By Nicholas von Wettberg
It should be an eventful next few weeks for the Davis school board, which meets on Thursday at the Community Chambers.
One of the action/discussion items on the meeting agenda is a presentation report, by way of Davis Joint Unified School District (DJUSD) staff, about closing the achievement and opportunity gap for English-language learners, or English as a second language (ELS).
Included in the report will be information on the problem that was gathered nearly a decade ago by a district-led Achievement Gap Task Force, which, following its studies from December 2006 to May 2007, made a list of recommendations for the board.
Current outcomes, resulting from those recommendations, will be used in the upcoming report as a barometer of success.
For example, one recommendation asked for the hiring of an English-language specialist at Patwin Elementary School.
Fast forward to the present, and an EL specialist is employed at every elementary site in the district.
At a board meeting last month, when the achievement/opportunity gap discussion centered on testing scores, it was trustee Barbara Archer who brought up the task force and its recommendations, asking about specific results and commenting on the importance of “knowing our history.”
Spring tests results, for district students in grades 3-8 & grade 11, reveal a gulf in language arts and mathematics achievement levels, for kids falling under the categories of ELS and low socio-economic status (SES).
Unfortunately, there has been little to no change in the type of student affected most by disparities in learning.
The task force found that, when using the data provided through California Standards Test (CST), there were “disproportionately high percentages of the following groups of students in the Davis School District grades 2-11 (that) are not performing to their academic potential.”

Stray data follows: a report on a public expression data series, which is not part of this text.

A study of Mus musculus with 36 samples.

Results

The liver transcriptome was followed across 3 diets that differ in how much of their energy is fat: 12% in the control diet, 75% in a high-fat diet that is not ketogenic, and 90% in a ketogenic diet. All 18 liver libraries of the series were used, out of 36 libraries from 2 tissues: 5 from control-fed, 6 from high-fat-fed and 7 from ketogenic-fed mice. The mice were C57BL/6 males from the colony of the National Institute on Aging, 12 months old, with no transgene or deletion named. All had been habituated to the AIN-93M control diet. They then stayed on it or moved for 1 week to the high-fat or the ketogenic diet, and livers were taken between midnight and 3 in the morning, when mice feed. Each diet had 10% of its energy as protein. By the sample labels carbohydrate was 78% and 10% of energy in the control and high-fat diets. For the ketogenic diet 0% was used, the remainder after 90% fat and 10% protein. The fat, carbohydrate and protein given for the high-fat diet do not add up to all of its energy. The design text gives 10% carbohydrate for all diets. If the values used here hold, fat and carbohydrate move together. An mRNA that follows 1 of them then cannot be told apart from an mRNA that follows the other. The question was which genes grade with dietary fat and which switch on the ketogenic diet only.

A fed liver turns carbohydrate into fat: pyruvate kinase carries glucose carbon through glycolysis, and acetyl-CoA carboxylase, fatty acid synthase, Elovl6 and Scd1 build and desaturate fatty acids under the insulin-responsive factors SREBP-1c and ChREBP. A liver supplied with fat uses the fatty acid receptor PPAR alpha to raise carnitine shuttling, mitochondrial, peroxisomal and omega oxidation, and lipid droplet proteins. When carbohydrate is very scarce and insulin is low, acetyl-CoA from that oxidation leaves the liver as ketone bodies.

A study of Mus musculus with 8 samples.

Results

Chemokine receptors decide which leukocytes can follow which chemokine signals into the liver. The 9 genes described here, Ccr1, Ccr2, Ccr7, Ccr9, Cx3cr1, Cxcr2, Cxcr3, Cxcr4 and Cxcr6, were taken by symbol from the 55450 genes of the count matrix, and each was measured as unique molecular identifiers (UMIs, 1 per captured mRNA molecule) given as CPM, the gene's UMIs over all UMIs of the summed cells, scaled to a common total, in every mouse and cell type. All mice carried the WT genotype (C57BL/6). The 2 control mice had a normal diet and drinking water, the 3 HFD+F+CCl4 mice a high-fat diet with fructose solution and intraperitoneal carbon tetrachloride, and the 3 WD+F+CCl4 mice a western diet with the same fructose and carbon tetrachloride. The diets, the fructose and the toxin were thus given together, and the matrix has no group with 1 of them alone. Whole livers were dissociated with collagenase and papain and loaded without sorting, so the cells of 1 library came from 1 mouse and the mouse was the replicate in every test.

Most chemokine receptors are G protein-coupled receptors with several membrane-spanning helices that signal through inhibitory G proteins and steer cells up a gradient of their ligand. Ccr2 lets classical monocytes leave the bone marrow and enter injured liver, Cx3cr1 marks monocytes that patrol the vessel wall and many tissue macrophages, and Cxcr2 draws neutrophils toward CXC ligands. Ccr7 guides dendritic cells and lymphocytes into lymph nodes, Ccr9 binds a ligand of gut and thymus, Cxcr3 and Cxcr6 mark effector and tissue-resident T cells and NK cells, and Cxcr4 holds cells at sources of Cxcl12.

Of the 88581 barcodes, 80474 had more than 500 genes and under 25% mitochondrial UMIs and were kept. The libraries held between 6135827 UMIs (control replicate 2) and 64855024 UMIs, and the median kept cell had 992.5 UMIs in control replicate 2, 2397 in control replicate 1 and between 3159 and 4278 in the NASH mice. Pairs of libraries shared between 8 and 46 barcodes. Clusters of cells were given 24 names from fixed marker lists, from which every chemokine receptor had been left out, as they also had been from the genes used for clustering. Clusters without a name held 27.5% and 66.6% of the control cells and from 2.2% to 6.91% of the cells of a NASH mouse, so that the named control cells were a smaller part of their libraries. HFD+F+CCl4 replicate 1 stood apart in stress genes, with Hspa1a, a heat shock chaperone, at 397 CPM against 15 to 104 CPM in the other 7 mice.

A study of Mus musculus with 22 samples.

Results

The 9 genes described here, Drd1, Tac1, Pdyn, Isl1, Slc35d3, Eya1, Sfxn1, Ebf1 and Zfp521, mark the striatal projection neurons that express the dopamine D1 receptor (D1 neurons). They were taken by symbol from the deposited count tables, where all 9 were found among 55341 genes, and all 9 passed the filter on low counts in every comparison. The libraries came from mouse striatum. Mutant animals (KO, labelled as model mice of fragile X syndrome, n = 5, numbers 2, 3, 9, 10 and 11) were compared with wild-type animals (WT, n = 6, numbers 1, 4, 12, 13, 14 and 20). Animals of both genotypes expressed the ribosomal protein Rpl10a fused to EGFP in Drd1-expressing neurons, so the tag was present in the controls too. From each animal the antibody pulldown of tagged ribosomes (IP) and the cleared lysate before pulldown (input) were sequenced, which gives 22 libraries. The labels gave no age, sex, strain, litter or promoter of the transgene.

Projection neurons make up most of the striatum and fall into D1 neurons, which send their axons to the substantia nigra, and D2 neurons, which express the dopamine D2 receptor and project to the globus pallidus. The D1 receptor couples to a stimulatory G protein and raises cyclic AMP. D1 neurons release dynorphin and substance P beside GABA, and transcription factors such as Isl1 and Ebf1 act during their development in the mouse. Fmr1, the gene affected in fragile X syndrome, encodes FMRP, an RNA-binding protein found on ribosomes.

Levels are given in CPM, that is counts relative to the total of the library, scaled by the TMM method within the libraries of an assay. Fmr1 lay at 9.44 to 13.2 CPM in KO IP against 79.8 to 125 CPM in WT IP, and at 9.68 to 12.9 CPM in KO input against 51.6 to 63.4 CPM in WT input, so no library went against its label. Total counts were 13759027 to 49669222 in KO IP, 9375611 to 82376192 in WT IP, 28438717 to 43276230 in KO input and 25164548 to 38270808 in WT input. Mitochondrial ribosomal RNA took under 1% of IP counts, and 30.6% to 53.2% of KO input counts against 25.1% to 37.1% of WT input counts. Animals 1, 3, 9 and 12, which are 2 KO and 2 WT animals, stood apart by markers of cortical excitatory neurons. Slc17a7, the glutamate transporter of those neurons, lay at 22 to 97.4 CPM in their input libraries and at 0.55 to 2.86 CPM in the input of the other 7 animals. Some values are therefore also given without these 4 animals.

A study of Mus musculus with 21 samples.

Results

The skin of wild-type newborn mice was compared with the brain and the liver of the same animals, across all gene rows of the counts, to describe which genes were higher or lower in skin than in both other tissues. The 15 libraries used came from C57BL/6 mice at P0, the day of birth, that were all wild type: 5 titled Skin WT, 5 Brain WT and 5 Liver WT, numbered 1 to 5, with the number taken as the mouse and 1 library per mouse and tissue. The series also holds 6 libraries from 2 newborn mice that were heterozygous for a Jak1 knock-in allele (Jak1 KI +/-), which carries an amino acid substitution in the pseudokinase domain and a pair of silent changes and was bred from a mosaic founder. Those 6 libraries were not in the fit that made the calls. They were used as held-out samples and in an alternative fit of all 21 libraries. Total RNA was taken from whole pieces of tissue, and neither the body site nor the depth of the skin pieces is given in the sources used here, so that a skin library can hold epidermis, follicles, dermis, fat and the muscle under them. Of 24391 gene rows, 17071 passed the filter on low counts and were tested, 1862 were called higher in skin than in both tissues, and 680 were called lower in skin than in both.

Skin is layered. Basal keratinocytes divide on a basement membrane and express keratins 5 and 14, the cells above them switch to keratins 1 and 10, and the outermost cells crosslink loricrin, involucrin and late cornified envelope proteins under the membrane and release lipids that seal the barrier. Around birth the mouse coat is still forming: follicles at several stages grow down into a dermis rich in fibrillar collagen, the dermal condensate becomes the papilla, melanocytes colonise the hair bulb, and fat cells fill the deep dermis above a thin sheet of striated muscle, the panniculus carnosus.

Included among the groups were Latinos, African-Americans, SES students, and English learners – in particular, those living in Spanish-speaking households.
Days from now, Davis voters head to the polls, where they will decide the fate of two interrelated local educational matters.
The first subject concerns the school board and its membership.
Two of the board’s five seats are up for grabs, with current trustees Susan Lovenburg and Alan Fernandes both vying to retain their positions.
Also in the race is longtime Davis resident Jose Granda and UC Davis professor Bob Poppenga.
While the school board does have the final say on the terms of a school parcel tax, measures like the one Davis residents are preparing to vote on this Tuesday have been the norm for over three decades.
If passed by a majority two-thirds vote, Measure H, which combines two previous measures, costs eligible participants $620 per year over an eight-year span.
The money generated from the taxes (totaling $9.5 million) would account for roughly 12 percent of the budget, maintaining current services and programs for a district constrained under the current state funding system.
Results of the school board election should be finalized by the time the next regular meeting rolls around, which is set for Thursday, November 17.
The action/discussion item, scheduled for that evening, is a presentation on the district’s AIM program.